Growing up in Jaipur, in India’s Rajasthan state, photographer Sujata Setia had her picture taken with nearly everyone in her family: her mom, dad, brother, even a stray cat her parents took in.
Flipping through the photo albums now, she can’t find a single photo with her grandparents.
“I think my parents never took enough pictures of me and my grandparents because you always believe your parents are invincible until the day they leave you,” Setia, a London-based newborn and family photographer, told HuffPost recently.
“When they’re gone, there’s a sense of loss over the lack of photos,” she said. “You realize memories alone tend to become a fuzzy version of reality with time.”
Now, as a mother of a young daughter herself, Setia hates to think of the same thing happening to other families. With that in mind, she has spent the last year in her travels offering to take photos of grandparents (and great grandparents) with their grandkids as a gift to them. (And as a sweet tribute to her Nani, Nana, Dadi and Dada ― her four grandparents.)
The photos, captured in Setia’s natural-light, painting-like style, are pretty breathtaking.
“I literally walk on the street, in malls, in flights, in the train ... anywhere I go, I am forever seeking older people and offering them a shoot with their family members as my gift,” she said. “Some of them sometimes think I’m this crazy lady and some agree.”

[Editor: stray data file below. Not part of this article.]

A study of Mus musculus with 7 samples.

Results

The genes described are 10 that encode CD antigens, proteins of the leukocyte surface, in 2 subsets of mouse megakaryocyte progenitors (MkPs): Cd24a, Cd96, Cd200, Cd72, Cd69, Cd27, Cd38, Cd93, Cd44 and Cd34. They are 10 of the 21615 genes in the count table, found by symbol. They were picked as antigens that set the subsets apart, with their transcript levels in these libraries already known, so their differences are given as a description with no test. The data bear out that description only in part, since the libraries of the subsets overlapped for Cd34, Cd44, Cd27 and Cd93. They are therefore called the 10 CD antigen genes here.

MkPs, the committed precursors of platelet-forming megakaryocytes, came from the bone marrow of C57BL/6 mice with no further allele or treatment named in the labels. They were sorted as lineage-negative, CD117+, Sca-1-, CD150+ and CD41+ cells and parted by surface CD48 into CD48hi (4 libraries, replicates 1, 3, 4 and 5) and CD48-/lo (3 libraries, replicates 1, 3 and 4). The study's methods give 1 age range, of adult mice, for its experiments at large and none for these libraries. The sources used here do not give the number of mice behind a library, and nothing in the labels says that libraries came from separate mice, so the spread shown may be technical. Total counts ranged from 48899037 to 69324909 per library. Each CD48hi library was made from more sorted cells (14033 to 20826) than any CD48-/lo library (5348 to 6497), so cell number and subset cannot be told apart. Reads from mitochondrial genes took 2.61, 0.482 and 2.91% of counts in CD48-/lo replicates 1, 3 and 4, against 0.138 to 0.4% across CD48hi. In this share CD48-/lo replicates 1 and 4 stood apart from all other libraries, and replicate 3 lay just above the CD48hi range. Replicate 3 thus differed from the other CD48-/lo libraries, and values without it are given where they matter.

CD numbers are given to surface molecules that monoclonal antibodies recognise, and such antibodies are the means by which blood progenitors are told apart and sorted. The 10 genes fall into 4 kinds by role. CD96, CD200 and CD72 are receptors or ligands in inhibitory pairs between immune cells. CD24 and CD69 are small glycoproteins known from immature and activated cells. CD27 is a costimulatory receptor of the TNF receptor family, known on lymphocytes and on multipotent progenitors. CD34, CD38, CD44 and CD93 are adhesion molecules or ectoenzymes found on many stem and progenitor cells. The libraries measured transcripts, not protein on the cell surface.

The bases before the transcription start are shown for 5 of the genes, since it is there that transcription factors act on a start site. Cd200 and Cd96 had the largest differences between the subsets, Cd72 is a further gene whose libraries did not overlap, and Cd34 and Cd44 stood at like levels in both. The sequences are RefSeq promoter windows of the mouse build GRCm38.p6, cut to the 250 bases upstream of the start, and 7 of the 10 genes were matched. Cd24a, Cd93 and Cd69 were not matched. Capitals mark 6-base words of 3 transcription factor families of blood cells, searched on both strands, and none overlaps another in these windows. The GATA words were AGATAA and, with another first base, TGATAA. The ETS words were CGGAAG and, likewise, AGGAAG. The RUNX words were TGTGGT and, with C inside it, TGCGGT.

Those who say yes get photos like this:
Sometimes when Setia requests a photo session, the grandparents and child haven’t met or spent much time together, which makes capturing the moment even more special.
“I recently photographed a great-grandma with a baby in Argentina and the little baby had not been around the grandma enough to feel comfortable with her,” Setia said. “But then the grandma started singing an old church song to the little girl, the smile I saw on that 6-month-old baby’s face was worth a million bucks.”
She added: “I don’t know how much of the song she understood, but she just hugged her great-grandma like they were one soul. It was magical … just magical.”
Setia doesn’t plan on ending her passion project any time soon; she gets too much joy out of it to do that. So do her subjects and those who stumble upon her work.
“The messages I receive from people who have come across these images are both heartwarming and heartbreaking,” Setia said. “I hope that this project has inspired them to photograph their grandparents and great grand parents with their children before it’s too late.”